They're part-time tattooing wannabe's called "scratchers." It's a group of people who have taught themselves the art of "permanent ink." It's growing in popularity and leaving people with a lot more than just a design on their body.
From the beginning, Steve Cupp - a tattoo parlor owner - has been outspoken about safe tattooing practices. He's been creating body art since 1997, but what he's seen grow in popularity lately is just plain shocking.
"They will come in with holes in them, puss and all kinds of stuff and they end up hospitalized," says Cupp.
Steve's talking about the aftermath of "scratching."
"As a general rule, we'll get five or six clients a week or so that will come through the door with something awful," says Cupp. "As it grows, people think they want to be a part of it and they'll get on the Internet and find a machine and find some needles and with absolutely no training whatsoever start trying to tattoo their friends."
This may sound harmless enough in itself, but scratchers have been coming under serious attack by real tattoo artists because the untrained practice could be deadly.
"There are tons of infections you can get - Hepatitis A, B and C, there's Staph infection, there is MRSA," says Cupp.
Scratchers usually teach themselves how to ink with the help of videos and homemade tattooing equipment, then put their services out there for unknowing takers.
Alex Cooper became a victim at 16.
"I talked to one of my friends who I went to school with and he got a tattoo from a guy in a house and I didn't know the dangers of it so I got one," recalls Cooper. "Saran wrap on the kitchen table, no kind of cleaning substance, basically dry-wiping."
"You could be Picasso with a tattoo machine, but what you're doing is not right," says Doug Paxton, a professional tattoo artist. "It's always been an up-and-down phenomenon; it will be a fad for a couple of years then it goes down. It's always been that way, but the other reason is it's a fast and easy way to make money."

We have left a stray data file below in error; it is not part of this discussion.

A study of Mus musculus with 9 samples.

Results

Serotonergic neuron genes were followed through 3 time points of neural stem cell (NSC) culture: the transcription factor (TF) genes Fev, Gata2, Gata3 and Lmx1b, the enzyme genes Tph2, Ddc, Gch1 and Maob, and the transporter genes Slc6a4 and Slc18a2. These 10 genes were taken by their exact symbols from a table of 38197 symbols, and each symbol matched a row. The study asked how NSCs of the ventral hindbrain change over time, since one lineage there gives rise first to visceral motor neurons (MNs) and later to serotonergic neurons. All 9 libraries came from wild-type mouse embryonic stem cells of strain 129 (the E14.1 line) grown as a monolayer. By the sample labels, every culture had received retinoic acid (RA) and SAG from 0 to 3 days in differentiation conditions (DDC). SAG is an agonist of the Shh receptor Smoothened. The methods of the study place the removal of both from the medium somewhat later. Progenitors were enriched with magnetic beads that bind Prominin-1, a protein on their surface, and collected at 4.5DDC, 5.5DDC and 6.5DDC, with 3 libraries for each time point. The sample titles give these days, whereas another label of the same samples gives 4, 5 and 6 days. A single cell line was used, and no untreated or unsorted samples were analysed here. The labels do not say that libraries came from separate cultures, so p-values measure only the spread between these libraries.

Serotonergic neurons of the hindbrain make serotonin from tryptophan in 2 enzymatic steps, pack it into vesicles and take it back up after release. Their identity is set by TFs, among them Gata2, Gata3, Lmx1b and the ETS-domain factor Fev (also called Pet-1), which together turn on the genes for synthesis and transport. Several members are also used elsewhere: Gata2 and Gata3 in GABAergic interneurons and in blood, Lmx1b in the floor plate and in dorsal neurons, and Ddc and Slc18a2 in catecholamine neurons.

Doug Paxton says this type of tattooing could literally be the death of a customer if proper health procedures aren't strictly carried out.
"It's nasty and if it's not taken care of properly, you're going to the hospital or worse," he adds.
So how popular is a tattoo? The Pew Research Center in January of 2007 said 36 percent of 18 to 25 year olds have at least one tattoo.
"I feel like I was extremely lucky to not have any of that happen, like the mesa or any kind of staph infection," says Cooper.
Professionals say that if you're thinking about getting a tattoo, make sure the artist follows strict health and safety precautions with sterilization techniques monitored by health officials. They say if a studio is run by a professional, you're going to see equipment packaged in protective pouches that remain sealed until opened in front of a customer.
Local health departments regulate tattoo studios in many jurisdictions, which should give the person getting a tattoo some peace of mind about health risks. But you want to do your homework. Make sure you ask a lot of questions before you decide to let someone put that design on your body.
Here are some of the question you should ask:
These are only a few of the things that are absolutely necessary for a tattoo artist to know and they should be ready and able to answer if you decide to get inked.